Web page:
A brief celebration spurred by things conic

The conic sections in all their glory, taken from a diagram on Wikipedia.
The conic sections in all their glory, taken from a diagram on Wikipedia.

Today, I had the chance to introduce Boy #1 to the glory of the conic sections. And there was much rejoicing. Well, now he’s stuck solving systems of equations with one nonlinear equation, so there may not be too much rejoicing, but I’m rejoicing. 🙂

And as is fitting when discussing conic sections, orbits of planetary bodies was discussed, as were hypothetical situations where comets pass the sun in pure, infinite, two-body systems, versus the messier world we actually have in which there is more stuff and a quantum-ly limited world in which Planck-scale distances potentially fuzz the prettiness of asymptotically approaching but never reaching a line over infinity. It was sweet.

So, here’s to you, today, Apollonius! And here’s a quote from Apollonius that I would have loved to include in the recent mathematics-themed “Works of His Hands” article, but which, in the end, was a bit too far afield. He said in his treatise on conic sections back in the 3rd Century BC, like the pure mathematician he was, that although he was doing work that would be helpful in certain applications, “the subject is one of those which seem worthy of study for their own sake.” Looking forward to seeing you in the second resurrection, Apollonius!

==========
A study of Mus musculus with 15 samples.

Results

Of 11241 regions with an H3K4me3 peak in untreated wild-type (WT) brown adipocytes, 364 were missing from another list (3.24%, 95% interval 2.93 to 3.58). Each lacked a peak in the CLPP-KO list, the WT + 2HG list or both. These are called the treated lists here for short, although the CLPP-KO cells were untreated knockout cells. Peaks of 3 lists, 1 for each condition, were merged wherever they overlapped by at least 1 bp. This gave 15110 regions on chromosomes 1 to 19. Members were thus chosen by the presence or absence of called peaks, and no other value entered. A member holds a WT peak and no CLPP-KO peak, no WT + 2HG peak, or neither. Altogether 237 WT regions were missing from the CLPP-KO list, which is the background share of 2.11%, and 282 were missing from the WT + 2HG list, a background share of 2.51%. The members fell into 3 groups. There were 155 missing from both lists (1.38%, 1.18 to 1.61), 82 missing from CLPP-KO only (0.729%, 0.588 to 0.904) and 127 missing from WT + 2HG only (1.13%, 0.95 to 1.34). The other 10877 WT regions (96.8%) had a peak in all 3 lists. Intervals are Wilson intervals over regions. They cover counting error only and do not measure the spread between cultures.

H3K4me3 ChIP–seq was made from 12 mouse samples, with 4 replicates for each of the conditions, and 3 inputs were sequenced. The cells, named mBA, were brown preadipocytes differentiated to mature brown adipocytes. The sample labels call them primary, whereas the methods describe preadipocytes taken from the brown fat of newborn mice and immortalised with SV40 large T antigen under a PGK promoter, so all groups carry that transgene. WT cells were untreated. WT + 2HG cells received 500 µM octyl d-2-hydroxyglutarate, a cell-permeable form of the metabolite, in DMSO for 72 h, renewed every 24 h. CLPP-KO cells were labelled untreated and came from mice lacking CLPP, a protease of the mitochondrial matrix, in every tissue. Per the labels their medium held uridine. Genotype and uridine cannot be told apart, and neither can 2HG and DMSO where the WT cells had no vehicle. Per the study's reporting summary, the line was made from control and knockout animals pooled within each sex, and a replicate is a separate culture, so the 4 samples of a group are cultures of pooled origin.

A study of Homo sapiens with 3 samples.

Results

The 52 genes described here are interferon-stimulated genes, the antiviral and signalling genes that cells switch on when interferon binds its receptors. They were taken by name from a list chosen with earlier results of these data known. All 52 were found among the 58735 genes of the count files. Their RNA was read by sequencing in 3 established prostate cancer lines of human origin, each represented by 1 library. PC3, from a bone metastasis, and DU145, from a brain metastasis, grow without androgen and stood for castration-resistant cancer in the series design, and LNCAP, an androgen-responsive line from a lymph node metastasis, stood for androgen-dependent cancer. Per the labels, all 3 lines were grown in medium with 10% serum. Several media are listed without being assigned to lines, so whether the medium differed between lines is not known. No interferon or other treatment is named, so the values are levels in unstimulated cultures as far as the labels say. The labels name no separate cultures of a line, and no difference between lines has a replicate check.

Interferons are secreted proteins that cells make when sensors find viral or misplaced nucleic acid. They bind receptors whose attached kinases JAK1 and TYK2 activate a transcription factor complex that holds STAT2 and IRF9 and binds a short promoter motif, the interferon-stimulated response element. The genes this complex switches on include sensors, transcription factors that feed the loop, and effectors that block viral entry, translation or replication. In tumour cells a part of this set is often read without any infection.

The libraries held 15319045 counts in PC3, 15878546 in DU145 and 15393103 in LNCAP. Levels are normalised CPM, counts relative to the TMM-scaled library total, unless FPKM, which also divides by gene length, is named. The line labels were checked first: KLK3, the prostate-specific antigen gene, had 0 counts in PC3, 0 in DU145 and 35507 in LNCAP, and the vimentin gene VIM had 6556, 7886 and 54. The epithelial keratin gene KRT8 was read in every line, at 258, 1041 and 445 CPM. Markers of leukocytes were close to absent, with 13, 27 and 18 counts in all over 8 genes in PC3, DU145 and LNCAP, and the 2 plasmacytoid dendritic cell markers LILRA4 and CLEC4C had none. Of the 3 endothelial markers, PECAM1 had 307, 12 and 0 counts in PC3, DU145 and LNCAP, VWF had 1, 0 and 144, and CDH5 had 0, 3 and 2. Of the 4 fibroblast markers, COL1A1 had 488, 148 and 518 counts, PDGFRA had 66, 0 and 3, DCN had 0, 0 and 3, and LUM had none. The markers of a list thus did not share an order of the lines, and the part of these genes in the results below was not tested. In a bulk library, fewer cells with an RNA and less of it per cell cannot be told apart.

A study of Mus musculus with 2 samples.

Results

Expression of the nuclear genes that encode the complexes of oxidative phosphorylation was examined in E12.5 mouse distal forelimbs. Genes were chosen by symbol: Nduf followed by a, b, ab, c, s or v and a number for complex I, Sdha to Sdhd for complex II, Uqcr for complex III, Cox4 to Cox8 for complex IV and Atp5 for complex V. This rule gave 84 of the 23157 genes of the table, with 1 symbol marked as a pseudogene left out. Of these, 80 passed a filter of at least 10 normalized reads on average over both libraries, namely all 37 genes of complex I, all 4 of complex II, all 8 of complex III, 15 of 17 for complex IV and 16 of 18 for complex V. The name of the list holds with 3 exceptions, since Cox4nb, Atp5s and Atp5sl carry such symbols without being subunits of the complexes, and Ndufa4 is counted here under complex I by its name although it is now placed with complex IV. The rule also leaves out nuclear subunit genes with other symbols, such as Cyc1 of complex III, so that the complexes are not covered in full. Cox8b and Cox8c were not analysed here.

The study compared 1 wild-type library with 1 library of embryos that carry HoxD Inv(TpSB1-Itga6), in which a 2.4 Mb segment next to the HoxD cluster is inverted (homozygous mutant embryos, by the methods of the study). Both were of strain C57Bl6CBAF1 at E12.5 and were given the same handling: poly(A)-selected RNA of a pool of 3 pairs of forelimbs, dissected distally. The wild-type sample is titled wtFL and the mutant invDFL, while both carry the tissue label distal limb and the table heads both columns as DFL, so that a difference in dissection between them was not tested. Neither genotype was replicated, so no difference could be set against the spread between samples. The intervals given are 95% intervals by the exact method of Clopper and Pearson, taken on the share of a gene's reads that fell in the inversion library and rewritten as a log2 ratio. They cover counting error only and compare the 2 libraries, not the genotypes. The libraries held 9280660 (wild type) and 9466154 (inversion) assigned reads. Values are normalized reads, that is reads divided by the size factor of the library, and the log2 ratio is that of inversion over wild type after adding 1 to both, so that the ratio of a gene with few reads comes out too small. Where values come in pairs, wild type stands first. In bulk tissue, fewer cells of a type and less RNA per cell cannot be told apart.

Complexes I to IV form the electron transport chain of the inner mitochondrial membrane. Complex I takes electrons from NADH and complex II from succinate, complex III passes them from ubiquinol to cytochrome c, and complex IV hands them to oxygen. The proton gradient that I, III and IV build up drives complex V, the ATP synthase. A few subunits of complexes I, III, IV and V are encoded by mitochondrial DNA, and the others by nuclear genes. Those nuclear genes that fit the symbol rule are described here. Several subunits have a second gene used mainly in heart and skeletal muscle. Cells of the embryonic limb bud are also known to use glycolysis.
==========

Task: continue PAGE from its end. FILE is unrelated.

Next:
6 thoughts on “A brief celebration spurred by things conic

  1. Teresa

    Sorry Mr. Smith, but from an artist’s point of view, for a second or two I thought you had misspelled “comic sections”….:D
    And on another topic altogether, Tabitha’s baby girl was born last night…..Annie Makenzie, 18” long and 6#11oz…..another cause for celebrations! 😀

  2. TeapotTempest

    Circles I know. Ellipses I know. I’m even acquainted with the wonders of the Parabola. But of what use is the hyperbola?

  3. Much! 🙂 They are very often not as familiar to most, but they are a wonderful part of nature. You’ve probably seen them before in geometrical “strong art” where the two adjacent sides of a square are adorned with straight pieces of string, far point form the corner on one side tied to the point close to the corner on the other, progressing along the sides. Also, if you’ve ever shined a flashlight straight down a hall and been standing close enough to the wall so that the wall intersects the cone of light from the flashlight, the outline of that light on the wall is a hyperbola. In bigger views, the hyperbola is the local curve of planetary flybys, such as the Voyager 1 & 2 spacecrafts performed in their grand “tours” of the solar system, in which they used each planet’s gravity to “slingshot” them to the next planet. Those paths around each planet–getting closer and closer, faster and faster, until being slung around by the planet’s gravity in a new direction–were hyperbolas. A hyperbola could almost be considered an “origin-&-destination-minded parabola”–not the best description in a lot of ways, to be sure, but illustrative in others. A search around the Internet or a tour of Wikipedia’s related entries might be helpful. Thanks for stopping by!